Pictured at the New Market Solar Project groundbreaking Thursday, May 13 are: (l-r) Mike Bick, superintendent of Bright Local School District; Curt Morgan, CEO of Vistra Corp.; Cincinnati Mayor John Cranley; Dan Shirey, business manager, IBEW Local 575; and Jared Wren of Hecate Energy. (Photos by Steve Roush/The Highland County Press.)
Pictured at the New Market Solar Project groundbreaking Thursday, May 13 are: (l-r) Mike Bick, superintendent of Bright Local School District; Curt Morgan, CEO of Vistra Corp.; Cincinnati Mayor John Cranley; Dan Shirey, business manager, IBEW Local 575; and Jared Wren of Hecate Energy. (Photos by Steve Roush/The Highland County Press.)
By Steve Roush
The Highland County Press

Calling it the start of something totally revolutionary, Cincinnati Mayor John Cranley was the keynote speaker of a groundbreaking ceremony of an undertaking billed as the largest municipally led solar project in the United States here in Highland County.

Cranley and other officials and industry representatives spoke of economic and environmental benefits the New Market Solar Project will bring to the region. The solar farm will be located on nearly 900 acres in Highland County on several contiguous areas along Edwards Road, Stringtown Road, New Market Road and South Hollowtown Road in Clay and Whiteoak townships.

By year’s end, New Market Solar is expected to be operational and will contain more than 310,000 solar panels, which equate to the size of roughly 750 football fields and is expected to generate more than 200,000 megawatt hours of energy yearly.

“This is truly one of the proudest professional moments of my life,” Cranley said. “We are starting something today that is truly revolutionary. We are proving that clean energy works, that clean energy creates jobs, that clean energy can create wealth for landowners in middle America. We are going to lead by example that others are going to follow. And this isn’t a small project, it’s a very, very big project, the biggest in the country ever led by a city.”

Cranley and other speakers said that the New Market Solar Project will provide emission-free, renewable energy while protecting and preserving clean air, water quality, and soil resources.

“You never know, you get into public life hoping to make the world a better place, and you hope that certain things do, but this is going to be a permanent marker of change and positivity for the world and for Ohio,” Cranley said.

Cranley said the project is a “win-win” for the city of Cincinnati, the environment, the landowners of the solar farm and the Highland County community. He said that the project will bring in at least 160 construction jobs that will boost the local economy.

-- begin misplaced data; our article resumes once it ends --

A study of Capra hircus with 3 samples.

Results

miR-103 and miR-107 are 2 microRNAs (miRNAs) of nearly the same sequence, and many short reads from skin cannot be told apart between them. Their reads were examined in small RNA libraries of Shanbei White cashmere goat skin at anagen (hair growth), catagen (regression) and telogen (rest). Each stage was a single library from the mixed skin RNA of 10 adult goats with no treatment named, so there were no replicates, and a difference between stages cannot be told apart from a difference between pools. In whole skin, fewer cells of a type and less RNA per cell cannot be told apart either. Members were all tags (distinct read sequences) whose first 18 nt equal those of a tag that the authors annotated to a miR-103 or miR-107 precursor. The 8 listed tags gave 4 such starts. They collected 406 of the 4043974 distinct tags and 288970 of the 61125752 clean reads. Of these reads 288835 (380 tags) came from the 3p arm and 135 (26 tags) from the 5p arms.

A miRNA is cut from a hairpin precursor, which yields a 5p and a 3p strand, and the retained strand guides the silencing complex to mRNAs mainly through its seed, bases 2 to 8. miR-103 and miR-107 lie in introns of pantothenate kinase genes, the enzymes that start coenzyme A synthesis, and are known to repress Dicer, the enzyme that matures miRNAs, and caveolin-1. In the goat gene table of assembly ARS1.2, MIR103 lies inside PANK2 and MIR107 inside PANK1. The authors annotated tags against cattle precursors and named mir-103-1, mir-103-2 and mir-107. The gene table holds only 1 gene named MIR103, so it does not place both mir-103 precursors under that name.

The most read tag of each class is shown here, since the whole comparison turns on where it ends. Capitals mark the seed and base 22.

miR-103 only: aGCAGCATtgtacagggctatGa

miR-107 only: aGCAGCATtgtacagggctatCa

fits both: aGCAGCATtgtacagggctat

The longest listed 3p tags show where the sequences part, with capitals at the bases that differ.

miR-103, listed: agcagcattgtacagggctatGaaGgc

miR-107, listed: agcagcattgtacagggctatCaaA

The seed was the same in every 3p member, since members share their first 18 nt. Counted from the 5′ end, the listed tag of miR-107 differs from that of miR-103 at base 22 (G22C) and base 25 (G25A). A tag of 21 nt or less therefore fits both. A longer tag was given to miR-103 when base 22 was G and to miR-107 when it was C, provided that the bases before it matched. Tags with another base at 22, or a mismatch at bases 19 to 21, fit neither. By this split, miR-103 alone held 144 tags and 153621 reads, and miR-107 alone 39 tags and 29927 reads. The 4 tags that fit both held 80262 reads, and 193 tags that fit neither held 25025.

“This project will give tremendous new taxes for the school district, I know that the Whiteoak folks are going to say a few words and are benefitting from that, we care deeply about them,” he said. “We also acknowledge that we hope, and I’m not part of the details, but we hope that the landowners make money, this is a capitalist system, this is hopefully an opportunity for people to hold onto their land, family land they can pass on to their kids and grandkids and to be part of the solution. I recognize this is change … but it’s also important to remember that nobody forced the landowners into this deal, and it’s a win-win, they’re making money and we’re getting a product at a cheaper price.

“We want farmers and Ohioans to make more money in this state, not less,” Cranley said. “We want there to be more opportunities for capitalism and dynamism going forward, and this is a project that will presumably make money for the landowners and others can benefit, as well.”

Jared Wren, a senior development associate with Hectate Energy, said the New Market Solar project is five years in the making and is now becoming a reality.

“This is a special occasion,” Wren said. “Author Marty Rubin once wrote, ‘The deep roots never doubt spring will come.’ After five years of planning, partnering and working with the community, local farmers and, finally, creating a unique partnership with the city of Cincinnati, we are standing here today, and spring has sprung.”

The New Market Solar Project is separate from the already authorized 300-megawatt Hecate Energy project planned to occupy “up to 1,919 acres” in the Buford area.

Doug Carraher, Highland County farmer and a part landowner of the New Market project, said the solar farm is “bringing economic hope to our part of small-town America and we feel this is a great opportunity for Highland County.”

While the project will be on nearly 900 acres, the Carrahers are not going out of the farming business as Carraher said the family “still has nearly 8,000 acres of farmland.”